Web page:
James Wetterer is a professor of biology from Florida Atlantic University in the U.S. He specializes in ants, mapping the distribution of ant species around the world as part of his professional research. According to James, Flickr has more site records of some species than the entire scientific literature. “It struck me that it could be very useful to biologists to have taxonomic experts identify species on Flickr photos, certifying them as correctly identified and then having this information placed in a database,” he says.
He started mapping major pest ant species to document where they originated and where they have spread. He notes that identifying species is easy even from fairly poor photos on Flickr.
While working on the Asian weaver ant, Oecophylla smaragdina, James noticed that many photographers had mislabeled their ant photos on Flickr: “Oecophylla is sometimes identified as a fire ant, a crazy ant. Several photographers have labeled long-legged ant photos as weaver ant. In cases of misidentification (or sometimes no identification), I write to the photographers. A few dozen have written back thanking me for the IDs.”
While there are thousands of photos of Oecophylla on Flickr, unfortunately, he explains, most photos of this species do not have good geo data. “To date, I have mapped 753 records of Oecophylla from Flickr. This is about one third of my total. For numerous records that did not give exact locations from areas for which I had few records, I wrote to the photographers for more information,” he says.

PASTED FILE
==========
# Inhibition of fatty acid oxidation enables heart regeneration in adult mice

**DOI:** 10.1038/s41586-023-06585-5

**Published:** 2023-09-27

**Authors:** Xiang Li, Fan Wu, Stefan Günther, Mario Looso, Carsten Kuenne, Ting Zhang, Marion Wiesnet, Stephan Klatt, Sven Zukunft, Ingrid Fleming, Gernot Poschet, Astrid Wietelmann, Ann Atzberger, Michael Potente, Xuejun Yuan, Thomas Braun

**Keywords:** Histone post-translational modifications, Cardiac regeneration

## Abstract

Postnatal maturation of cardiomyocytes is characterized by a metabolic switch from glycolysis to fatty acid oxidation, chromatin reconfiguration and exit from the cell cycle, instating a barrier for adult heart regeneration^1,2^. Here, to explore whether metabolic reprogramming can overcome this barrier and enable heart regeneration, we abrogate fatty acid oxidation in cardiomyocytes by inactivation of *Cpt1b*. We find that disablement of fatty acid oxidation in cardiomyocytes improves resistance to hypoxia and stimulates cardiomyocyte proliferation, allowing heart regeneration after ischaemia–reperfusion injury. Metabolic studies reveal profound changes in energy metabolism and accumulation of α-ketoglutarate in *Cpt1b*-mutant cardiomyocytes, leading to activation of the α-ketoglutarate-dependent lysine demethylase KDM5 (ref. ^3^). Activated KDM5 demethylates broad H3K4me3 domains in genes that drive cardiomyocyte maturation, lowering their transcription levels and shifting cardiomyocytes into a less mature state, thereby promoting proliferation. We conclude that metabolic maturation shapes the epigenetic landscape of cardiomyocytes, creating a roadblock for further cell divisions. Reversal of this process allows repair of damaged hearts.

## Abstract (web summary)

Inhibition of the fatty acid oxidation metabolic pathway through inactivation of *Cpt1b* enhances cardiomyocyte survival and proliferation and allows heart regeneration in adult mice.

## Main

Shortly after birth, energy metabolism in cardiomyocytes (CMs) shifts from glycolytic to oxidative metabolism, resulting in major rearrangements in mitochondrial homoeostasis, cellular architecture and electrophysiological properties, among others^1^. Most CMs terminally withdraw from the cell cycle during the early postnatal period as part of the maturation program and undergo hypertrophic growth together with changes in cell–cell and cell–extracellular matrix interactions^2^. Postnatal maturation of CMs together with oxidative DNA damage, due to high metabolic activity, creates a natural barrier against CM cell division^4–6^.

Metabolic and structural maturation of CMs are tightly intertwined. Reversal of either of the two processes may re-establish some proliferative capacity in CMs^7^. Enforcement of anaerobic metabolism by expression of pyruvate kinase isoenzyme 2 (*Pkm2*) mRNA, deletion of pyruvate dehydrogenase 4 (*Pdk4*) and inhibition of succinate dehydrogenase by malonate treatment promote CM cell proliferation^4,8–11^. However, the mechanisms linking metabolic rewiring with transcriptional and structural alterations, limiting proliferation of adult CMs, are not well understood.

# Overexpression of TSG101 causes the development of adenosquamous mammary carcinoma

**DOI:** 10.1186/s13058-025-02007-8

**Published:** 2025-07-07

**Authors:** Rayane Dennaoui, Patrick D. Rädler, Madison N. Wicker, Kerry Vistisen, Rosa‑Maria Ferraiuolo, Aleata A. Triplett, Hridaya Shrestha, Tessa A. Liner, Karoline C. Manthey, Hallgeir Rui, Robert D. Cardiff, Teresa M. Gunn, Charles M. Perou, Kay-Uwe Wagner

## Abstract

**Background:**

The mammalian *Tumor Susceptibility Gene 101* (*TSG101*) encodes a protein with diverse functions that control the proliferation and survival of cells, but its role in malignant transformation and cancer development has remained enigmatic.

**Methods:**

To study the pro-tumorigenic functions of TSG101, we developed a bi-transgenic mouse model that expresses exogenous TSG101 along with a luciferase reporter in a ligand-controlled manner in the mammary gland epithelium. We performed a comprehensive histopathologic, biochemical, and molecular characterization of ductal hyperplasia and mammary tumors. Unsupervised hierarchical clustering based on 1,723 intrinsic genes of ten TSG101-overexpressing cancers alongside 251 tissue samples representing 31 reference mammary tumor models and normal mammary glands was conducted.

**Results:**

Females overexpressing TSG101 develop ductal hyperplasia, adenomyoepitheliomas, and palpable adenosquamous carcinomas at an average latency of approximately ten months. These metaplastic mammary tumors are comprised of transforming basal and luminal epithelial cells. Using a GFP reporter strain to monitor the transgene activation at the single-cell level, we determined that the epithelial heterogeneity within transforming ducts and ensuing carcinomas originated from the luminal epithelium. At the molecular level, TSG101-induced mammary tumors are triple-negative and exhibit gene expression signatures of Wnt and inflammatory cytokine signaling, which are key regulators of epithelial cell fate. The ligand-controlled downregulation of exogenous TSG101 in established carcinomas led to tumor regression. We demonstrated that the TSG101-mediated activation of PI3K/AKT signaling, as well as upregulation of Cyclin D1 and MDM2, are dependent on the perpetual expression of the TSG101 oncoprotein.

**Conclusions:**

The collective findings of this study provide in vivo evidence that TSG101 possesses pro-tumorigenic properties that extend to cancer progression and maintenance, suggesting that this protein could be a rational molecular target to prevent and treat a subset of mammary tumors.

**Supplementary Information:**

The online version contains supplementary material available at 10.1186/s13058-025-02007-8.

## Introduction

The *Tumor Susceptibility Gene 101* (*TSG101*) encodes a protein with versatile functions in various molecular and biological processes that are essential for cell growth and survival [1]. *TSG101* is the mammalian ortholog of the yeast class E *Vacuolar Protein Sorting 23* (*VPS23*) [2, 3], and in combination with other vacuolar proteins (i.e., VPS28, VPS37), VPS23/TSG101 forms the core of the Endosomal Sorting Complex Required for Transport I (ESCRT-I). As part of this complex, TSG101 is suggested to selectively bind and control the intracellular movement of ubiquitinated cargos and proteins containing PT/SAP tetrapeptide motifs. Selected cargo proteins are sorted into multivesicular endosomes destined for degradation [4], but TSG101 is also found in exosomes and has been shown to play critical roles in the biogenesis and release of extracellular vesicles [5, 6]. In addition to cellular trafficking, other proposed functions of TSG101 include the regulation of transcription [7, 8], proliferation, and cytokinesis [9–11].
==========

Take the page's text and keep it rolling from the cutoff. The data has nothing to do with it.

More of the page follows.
James discovered even more interesting data through Flickr. For example, he found the northernmost record of Oecophylla smaragdina in Nepal thanks to Jan Tilden’s photos. Using the comments section, Jan told the professor the exact spot where she photographed the ant. “I plan to go to this spot to collect specimens. It would be nice to encourage more geotagging”, says James.
Flickr has interesting records of several other ant species as well as birds, mammals and butterflies that could be used for extensive mapping projects. In fact, James knows of several sites where amateur naturalists are mapping out species based on photographs: “Flickr has far more photos. A large portion of iNaturalist records come from Flickr and this site has a link to ask photographers on Flickr to give permission to iNaturalist to use their records.”
If you are interested in learning more about other sites mapping out species, visit these links: National Geographic, iNaturalist, iSpot, and Project Noah. And from now on… please be sure to geotag your photos on Flickr!